Dr Lal PathLabs, Thyrocare and Metropolis had seen their profit before tax (PBT) decline 7.5 per cent to 40 per cent year-on-year (YoY) during the March quarter, with 7-14 per cent decline in operating profits. With a steeper decline in expected in June quarter (55.4 per cent and 59.2 per cent for Dr Lal and Thyrocare, according to Edelweiss estimates, and 87.5 per cent fall for Metropolis, according to Kotak Institutional Equities), the pressure on earnings will intensify.
While the Covid-19
testing in the Delhi NCR region could arrest the volume decline for Dr Lal, the additional costs will likely limit cost control levers, pressuring margins, say analysts.
For Thyrocare, analysts expect top line to decline 40 per cent because of its dependence on the wellness business, and Covid-19 testing having been ramped up only in June. The additional cost associated of testing is expected to impact Thyrocare to a lesser extent because of a favourable cost structure, say analysts. For Metropolis, Kotak Institutional Equities expects revenues to decline 35 per cent YoY with non-Covid revenues declining 46 per cent YoY.
Cost pressures remain a bigger challenge for diagnostics players even as recovery continues. While the businesses have been built on the concept of providing a complete “lab experience”, transitioning to a pick-up based model will not be easy, say analysts at Emkay Research. Covid-19 will lead to higher home collection and larger companies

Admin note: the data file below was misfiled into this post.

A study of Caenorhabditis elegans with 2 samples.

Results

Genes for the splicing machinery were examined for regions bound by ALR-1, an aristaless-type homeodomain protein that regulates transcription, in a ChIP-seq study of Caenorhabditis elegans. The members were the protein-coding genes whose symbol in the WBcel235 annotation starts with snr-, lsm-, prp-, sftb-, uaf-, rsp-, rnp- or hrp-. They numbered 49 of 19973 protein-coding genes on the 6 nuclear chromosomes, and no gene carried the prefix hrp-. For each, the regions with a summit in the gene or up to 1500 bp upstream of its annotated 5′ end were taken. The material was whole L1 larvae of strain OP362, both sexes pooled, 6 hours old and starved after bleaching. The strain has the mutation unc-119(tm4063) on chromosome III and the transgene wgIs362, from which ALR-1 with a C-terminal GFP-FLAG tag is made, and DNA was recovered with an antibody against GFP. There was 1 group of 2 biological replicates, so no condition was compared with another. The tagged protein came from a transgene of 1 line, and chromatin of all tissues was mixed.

will have to employ a minimum of 40-80 persons to match earlier footfalls at collection centres, and this will eat into margins, estimate analysts.
Analysts at Morgan Stanley, too, say that near-term operating dynamics will change because of social distancing norms and Dr Lal PathLabs expects higher volumes from home collections and less crowded franchisee/collection centres. Higher investments to augment digital connect will be essential to cater to the online channel. Companies
are, thereby, resorting to cost controls including re-negotiation of rental agreements, and network rationalisation.
The near-term prospects are still bumpy. Stock valuations, too, are rich, given PE multiples of 40-70 times trailing 12 months’ earnings.
In the long run, organised players are structurally better placed. Also, as Morgan Stanley says, higher operating costs might hurt margins of smaller players, leading to consolidation. Looking at the fragmented industry, this will be positive for large firms such as Dr Lal, Thyrocare, Metropolis, SRL and a few others. They now account only for a fifth of the market.